Saturday, June 20, 2009

The Origins of Christendom in the West (Part 2)

(Continued from Part 1.)

The formation of Christendom may have led to the death or perversion of certain ideals of the Early Church, but it also brought about the flowering of other aspects of Christianity.

For instance, I do not know how firmly we can establish that pacifism was universally held to in the Early Church, but Eoin de Bhaldraithe discusses how the Church went from excluding soldiers altogether, to slowly softening the policy and then eventually replacing aversion to all killing with what he calls Augustine's "theology of violence". On the one hand, we can bemoan the loss of such a high standard of non-violence and deplore the ways that Christian theories of just warfare have been misused to rationalize evil, not to mention Augustine's own ability to justify persecution of heretics and schismatics. On the other hand, the moral theory of the use of force that emerges in men such as Augustine should not be dismissed as nothing more than a cynical perversion of Christian purity at the service of a blood-thirsty Empire. Even if we think it flawed, it merely forms a part of larger Christian theory of government, a theory which is a marvelous witness of the Church's ability to draw from the riches of her tradition (including its non-violent strands) under changed circumstances.

A similar case might be made concerning the flowering of Church's liturgy in early Christendom. Paul F. Bradshaw wishes to argue that this flowering was, in truth, evidence of decline: that, facing an influx of half-converted Christians, the Church had to resort to spectacle and importations from paganism to win the hearts of its followers. But this begs all the important questions. Simpler and less formal does not imply better. Nor does earlier: surely our image of the purity of the Early Church has something to do with the fact that the evidence is scant and largely hagiographical. The simplicity of early Christian worship is too much a product of necessity to judge whether this state was preferred, and we know too little to say that the Church was better for it.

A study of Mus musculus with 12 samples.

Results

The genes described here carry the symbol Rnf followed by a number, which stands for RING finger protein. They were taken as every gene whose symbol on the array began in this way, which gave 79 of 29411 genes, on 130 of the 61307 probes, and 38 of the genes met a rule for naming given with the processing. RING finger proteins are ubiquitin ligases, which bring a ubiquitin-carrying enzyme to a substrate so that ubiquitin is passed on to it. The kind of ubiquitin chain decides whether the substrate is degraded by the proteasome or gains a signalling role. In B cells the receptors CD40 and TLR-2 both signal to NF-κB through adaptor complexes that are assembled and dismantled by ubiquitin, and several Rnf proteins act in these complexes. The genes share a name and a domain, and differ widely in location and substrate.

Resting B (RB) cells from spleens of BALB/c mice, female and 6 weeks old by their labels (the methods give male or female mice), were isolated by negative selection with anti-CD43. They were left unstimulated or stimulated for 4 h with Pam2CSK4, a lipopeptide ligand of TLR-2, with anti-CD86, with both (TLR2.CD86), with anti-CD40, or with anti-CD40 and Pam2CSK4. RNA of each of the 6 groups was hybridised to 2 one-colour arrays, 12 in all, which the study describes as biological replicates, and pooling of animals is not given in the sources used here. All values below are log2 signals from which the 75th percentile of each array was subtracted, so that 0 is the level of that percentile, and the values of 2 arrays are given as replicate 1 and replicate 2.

Bradshaw writes:
It was necessary to try to communicate through the style of liturgical celebration itself something of the majesty of God and the reality of Christ’s sacramental presence, as well as of the appropriate attitude of reverence required before that divinity. (277)

But, surely, whether it was necessary or not to so communicate is less important than that it was possible. Is it preferrable that these things not be communicated? Men are not disembodied minds. Given the opportunity, their faith ought to express itself outwardly: in their words and even in their bodies. The purpose is not some cheap emotional experience among the half-converted, but that such expression effectively communicates God's majesty should be counted to its credit rather than making it suspect.

Moreover, the assumption is that the ideal of the Church is defined by the Early Church (or our picture of it): a tiny, but thoroughly dedicated band, with no room for the half-converted. Again, the Early Church was this way from necessity. In the changed circumstances of Christendom, the Church was faced with the problem of balancing the need to maintaining the cohesian of the dedicated few with the need to reach out to the less-than-dedicated many. The elaboration of Christian worship in light of this problem, along with other responses to it, such as the monastic movement (covered by Bhaldraithe), are, to me, not evidence of decline from some fabled purity but rather of the creative flowering of the Church in response to new situations.